The watchdog arm of the Marine Corps said Friday that it will review the use of military aircraft by the commander of the Marine Western air bases to determine whether a full-scale investigation is warranted, and officials on Capitol Hill said they, in turn, will keep close watch on that review.
"If (the Marine Corps' Inspector General's Office) gives this guy a scolding and not much more," said Jim Schweiter, counsel to the House Armed Services Committee, lawmakers may decide to open their own probe.
"I'm sure that there would be members who would be interested in something like this," Schweiter added. "Fraud, waste and abuse is something the committee is vigilant about."
Gen. Wayne T. Adams, meanwhile, remained unfazed by the controversy.
"The Marine Corps supports me," he said Friday after speaking with undisclosed military officials in Washington. "There's just no substance (to) any wrongdoing."
He added: "I'm just going to continue to work and do my job."
The issue surfaced Friday when The Times reported that Adams, the commander of the Marine Western air bases at El Toro, Tustin, Camp Pendleton and Yuma, Ariz., had taken at least five flights that raised questions about his mix of military and personal aircraft use.
During a combination military inspection and vacation at Big Bear with his fiancee last October, for example, Adams ordered a C-12 Beechcraft to take him back to the El Toro base for a previously scheduled memorial service and then return him to Big Bear to finish his vacation.
En route to a military convention in Virginia last October, he stopped off in Florida during a tropical storm and signed his divorce papers. And in the course of accumulating flight time, he met his fiancee in Washington state and an old military buddy and golfing partner in Pennsylvania.
Col. Jim Williams, deputy inspector general of the Marine Corps, said in an interview: "We'll look at the issue in terms of the regulations that apply to determine if there are areas that need to be further pursued."
The colonel said he would not characterize this preliminary review as an investigation but said it could lead to one, depending on the findings. He would not give a timetable for the process or say what steps it would include.
While Marine officials described the review as routine, other military officials said there appeared to be deep concern about the disclosures--especially in the wake of a January investigation into two of Adams' aides.
"I know that folks at the highest level (of the Marine Corps) in D.C. have heard about this," said one military official in Southern California who has been involved in the flight-use issue and requested anonymity. "They're anxious to get it resolved."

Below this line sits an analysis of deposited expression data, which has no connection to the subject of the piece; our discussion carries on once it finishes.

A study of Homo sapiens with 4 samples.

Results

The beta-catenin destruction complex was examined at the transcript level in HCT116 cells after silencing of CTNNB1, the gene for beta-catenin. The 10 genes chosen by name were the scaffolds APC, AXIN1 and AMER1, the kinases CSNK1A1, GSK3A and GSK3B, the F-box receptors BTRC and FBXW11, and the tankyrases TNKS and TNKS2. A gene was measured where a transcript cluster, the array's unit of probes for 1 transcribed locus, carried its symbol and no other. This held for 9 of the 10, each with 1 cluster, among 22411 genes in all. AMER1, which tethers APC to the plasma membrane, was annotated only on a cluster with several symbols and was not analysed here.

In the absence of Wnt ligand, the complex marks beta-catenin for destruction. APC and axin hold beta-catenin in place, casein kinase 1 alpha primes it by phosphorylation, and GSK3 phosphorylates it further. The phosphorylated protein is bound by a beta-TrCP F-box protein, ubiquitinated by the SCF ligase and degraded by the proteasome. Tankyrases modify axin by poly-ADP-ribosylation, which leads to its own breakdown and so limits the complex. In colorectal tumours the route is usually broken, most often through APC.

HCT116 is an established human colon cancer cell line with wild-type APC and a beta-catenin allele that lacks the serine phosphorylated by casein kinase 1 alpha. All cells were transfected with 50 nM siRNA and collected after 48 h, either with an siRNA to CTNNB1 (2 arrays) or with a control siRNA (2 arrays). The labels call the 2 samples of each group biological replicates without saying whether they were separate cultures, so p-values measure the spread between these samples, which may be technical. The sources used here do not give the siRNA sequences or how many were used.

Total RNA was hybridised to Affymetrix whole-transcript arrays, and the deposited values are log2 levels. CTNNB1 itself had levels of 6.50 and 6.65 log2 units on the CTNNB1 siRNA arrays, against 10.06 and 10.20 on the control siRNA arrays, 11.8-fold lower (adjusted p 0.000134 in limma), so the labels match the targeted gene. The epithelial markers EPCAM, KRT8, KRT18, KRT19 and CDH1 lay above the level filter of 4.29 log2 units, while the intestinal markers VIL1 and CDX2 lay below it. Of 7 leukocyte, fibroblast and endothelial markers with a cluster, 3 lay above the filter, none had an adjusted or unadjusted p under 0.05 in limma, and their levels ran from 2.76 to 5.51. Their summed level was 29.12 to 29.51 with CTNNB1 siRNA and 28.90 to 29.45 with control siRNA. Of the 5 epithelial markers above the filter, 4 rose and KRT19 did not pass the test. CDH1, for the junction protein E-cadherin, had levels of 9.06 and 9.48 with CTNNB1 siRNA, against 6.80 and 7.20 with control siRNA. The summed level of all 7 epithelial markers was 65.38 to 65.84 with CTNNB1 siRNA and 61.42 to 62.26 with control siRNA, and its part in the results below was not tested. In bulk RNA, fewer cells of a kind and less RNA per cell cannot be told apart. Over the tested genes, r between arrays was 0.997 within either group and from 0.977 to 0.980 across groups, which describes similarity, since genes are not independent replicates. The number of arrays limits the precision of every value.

Added another senior Marine officer in Camp Pendleton: "It's the subject of conversation big-time. It's had an effect around the office."
As part of the January investigation, Adams suspended his chief of staff, Col. Joseph E. Underwood, and an assistant chief of staff, Col. James E. Sabow, amid allegations of suspected misuse of military planes for personal reasons. Five days after his suspension, Sabow shot himself to death. In February, Underwood agreed to retire and pay a fine to avoid a court-martial and the loss of his pension.
Adams was never interviewed as part of the Inspector General's investigation into allegations against Sabow and Underwood, and some Marines interviewed as part of the probe said his name never came up during their interviews.
In a recent interview, Inspector General Hollis Davison said that Adams' own flight use was never probed because "there were no allegations against him."
Nonetheless, the high level of the inquiry directed some attention toward Adams. When Underwood and Sabow were given military lawyers as part of their investigations, a high-ranking defense attorney with the Marines, Lt. Col. J. L. Siegel of Camp Pendleton, said that if allegations should surface against Adams, she would represent the general herself, according to one source.
Rep. Robert Dornan (R-Garden Grove), a member of the House Armed Services Committee, said he agrees that the panel will watch the actions of the Inspector General's office closely.
"We have implicit trust in the IG, so I'll just hold my breath and see what he decides." While he would not comment directly on the disclosures, the congressman said: "It's utterly fascinating stuff."